Craig Sturman wrote:
Our internal office network is numbered as a
internal A class. (10.0.0.0/255.255.0.0). I’m noticing a large
number of hotels have been using this same internal network which,
OpenVPN client says the user is connected, fails to pick up or contact
internal DNS servers and find the internal ip of whatever server it is
attempting to contact (or perhaps OpenVPN does this on purpose because
realizes the overlap?).
Apart from renumbering our internal network
fine with doing as a last resort), is there an easier solution that
similar and non similar networks to connect without issue? The
link mentions using some ipchain rules (which I assume can be
to iptables?) could be used for the rewriting? Any help with this
be greatly appreciated.
Additional info: The server is using routing
bridging and everyone has their own set of generated keys.
Theoretically the OpenVPN server on your end could netmap the IP ranges
you use to a different set of subnets that don't overlap with the one
the client is connecting from. This gets messy and I don't recommend
doing it for a couple reasons:
- You don't know which networks
might be in use because the client might move to a new hotel/network
which has a different range of subnets that cause different conflicts.
- Any IP addresses configured on the mobile client to access your
internal services (DNS & DNS replies, SMTP, POP, internal web
sites, etc) won't be
valid because all the IP's have been remapped. Basically this is a
headache and not worth the trouble.
Ideally you want to configure your internal networks as to avoid
conflicts as much as possible, and using a 10.0.0.0/8 network is the
way to insure you have as many conflicts as possible since any remote
network using any subnet in this range is in conflict. Unless you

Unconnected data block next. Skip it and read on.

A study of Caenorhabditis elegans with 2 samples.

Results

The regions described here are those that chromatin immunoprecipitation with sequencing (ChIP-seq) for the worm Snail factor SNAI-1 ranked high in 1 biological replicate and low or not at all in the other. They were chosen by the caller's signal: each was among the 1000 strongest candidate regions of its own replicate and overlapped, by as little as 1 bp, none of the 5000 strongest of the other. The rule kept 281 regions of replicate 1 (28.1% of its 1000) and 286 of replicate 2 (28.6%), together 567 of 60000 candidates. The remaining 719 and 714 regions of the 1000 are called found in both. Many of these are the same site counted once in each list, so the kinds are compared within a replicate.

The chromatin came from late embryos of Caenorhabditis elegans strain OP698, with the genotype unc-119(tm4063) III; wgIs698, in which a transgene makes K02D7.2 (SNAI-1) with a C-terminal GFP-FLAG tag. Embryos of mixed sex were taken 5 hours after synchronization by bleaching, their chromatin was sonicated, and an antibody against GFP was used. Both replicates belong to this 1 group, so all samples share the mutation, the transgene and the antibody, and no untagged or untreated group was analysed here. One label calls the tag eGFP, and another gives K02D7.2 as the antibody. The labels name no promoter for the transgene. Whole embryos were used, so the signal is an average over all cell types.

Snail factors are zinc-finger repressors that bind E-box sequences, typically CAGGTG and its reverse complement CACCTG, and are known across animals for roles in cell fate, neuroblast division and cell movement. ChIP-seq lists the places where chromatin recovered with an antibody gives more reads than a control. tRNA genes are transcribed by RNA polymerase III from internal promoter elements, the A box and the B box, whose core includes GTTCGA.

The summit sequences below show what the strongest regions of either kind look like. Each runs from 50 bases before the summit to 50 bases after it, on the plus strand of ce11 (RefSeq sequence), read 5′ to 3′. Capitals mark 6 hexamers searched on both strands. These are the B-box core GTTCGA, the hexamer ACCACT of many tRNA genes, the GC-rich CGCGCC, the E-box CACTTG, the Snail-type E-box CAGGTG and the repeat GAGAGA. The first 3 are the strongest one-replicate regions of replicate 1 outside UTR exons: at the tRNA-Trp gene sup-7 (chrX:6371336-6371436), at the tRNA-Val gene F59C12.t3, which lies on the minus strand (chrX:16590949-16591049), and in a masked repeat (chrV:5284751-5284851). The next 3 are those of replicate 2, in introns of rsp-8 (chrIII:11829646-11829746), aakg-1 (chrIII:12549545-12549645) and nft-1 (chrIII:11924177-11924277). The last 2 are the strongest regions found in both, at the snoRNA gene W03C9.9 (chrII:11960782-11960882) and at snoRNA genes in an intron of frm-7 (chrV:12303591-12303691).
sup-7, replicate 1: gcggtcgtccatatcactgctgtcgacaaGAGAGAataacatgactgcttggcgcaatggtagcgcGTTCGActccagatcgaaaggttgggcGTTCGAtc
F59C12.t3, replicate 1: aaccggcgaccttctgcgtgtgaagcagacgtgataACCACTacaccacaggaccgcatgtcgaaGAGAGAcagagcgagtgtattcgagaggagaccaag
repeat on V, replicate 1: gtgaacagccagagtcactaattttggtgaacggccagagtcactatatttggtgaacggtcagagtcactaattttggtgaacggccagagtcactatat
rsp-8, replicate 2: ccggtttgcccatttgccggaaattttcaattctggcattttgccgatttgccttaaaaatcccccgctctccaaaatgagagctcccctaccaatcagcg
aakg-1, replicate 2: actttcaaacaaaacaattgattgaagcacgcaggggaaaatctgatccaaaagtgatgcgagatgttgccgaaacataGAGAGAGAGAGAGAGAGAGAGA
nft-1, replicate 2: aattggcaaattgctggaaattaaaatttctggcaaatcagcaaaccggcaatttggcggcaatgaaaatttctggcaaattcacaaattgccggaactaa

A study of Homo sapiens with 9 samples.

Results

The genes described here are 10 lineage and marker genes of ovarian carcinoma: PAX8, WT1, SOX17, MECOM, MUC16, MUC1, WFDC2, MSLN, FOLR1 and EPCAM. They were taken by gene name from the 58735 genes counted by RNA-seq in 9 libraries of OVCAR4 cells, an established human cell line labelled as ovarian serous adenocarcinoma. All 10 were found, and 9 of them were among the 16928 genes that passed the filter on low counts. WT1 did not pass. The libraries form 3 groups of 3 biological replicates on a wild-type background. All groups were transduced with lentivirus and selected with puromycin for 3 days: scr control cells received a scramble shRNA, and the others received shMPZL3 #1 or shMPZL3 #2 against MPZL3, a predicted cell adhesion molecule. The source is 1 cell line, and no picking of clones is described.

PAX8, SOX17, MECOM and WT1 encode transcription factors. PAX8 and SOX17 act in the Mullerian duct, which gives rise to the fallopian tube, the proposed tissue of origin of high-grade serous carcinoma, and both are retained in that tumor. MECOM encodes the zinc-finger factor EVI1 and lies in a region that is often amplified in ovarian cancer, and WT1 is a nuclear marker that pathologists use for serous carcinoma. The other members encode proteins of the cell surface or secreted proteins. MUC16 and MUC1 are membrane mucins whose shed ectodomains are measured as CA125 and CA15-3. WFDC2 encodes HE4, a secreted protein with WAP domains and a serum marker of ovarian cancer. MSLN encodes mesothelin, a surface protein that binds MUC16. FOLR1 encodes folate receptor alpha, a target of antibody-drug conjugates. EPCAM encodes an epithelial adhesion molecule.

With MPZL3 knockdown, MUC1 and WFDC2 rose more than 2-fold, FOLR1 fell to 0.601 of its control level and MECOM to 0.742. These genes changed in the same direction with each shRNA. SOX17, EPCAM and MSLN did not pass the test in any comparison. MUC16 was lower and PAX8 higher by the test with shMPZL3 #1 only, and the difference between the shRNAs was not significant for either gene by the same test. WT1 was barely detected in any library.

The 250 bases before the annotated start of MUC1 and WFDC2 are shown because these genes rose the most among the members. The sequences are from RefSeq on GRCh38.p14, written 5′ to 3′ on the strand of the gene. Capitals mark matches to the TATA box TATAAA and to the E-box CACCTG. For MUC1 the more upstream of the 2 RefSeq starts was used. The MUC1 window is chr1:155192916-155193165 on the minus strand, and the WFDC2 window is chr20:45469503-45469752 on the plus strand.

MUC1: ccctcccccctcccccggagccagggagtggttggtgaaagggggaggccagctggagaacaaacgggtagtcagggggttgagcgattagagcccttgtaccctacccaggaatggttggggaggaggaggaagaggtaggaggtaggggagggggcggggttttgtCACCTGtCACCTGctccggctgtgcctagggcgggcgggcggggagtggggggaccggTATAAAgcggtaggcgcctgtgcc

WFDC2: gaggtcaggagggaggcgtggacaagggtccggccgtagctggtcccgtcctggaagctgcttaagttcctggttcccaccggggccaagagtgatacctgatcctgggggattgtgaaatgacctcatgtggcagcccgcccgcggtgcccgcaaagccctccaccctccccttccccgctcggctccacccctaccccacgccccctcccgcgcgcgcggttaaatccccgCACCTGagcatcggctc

actually need 16.5 million IP addresses you should consider using much
smaller subnets that fit the amount of devices connecting. It's best
to try and use networks that aren't as commonly used, so stay away from
obvious networks like 10.0.0.0/24, 10.1.0.0/24, 192.168.0.0/24,
192.168.1.0/24, etc where it can be avoided. I'd recommend looking at
at the 172.16.0.0/12 network range since that's much less used, or
perhaps something in the middle of the 10.0.0.0/8 range with as small a
subnet mask as makes sense. The goal here is to keep your subnets
small and as unique as possible to minimize any chance of overlap.
This holds true not only for the virtual VPN network, but also any
routes from your internal LAN that are pushed to clients via route
However, even the best choices (such as the 172.19.250.0/24 network for
one of my VPN's) can be in conflict if the client happens to be
connected to an overlapping network (such as a poorly chosen
172.16.0.0/12 by an uninformed hotel.) If you can't avoid an overlap
there is a cheap trick you can employ by using a NAT-enabled router
between the mobile client and the remote network. This allows the
client to connect to a non-overlapping network as configured on the LAN
side of the router while the router deals with the communication to the
would-be overlapping network. This has a couple notable disadvantages,
- You can't use the remote network's DNS servers once you connect
to the VPN (since the client routes them through the VPN rather than to
the local router)
- The client can't reach any of the overlapping devices on the
remote network side while on the VPN (again, this is because the VPN
routes are local and take priority over the default route.) This may
adversely affect ICMP requests/replies or access to services available
on the remote network.
In short, when designing any network to be as VPN-friendly as possible,
keep your subnets as unique and small as you can.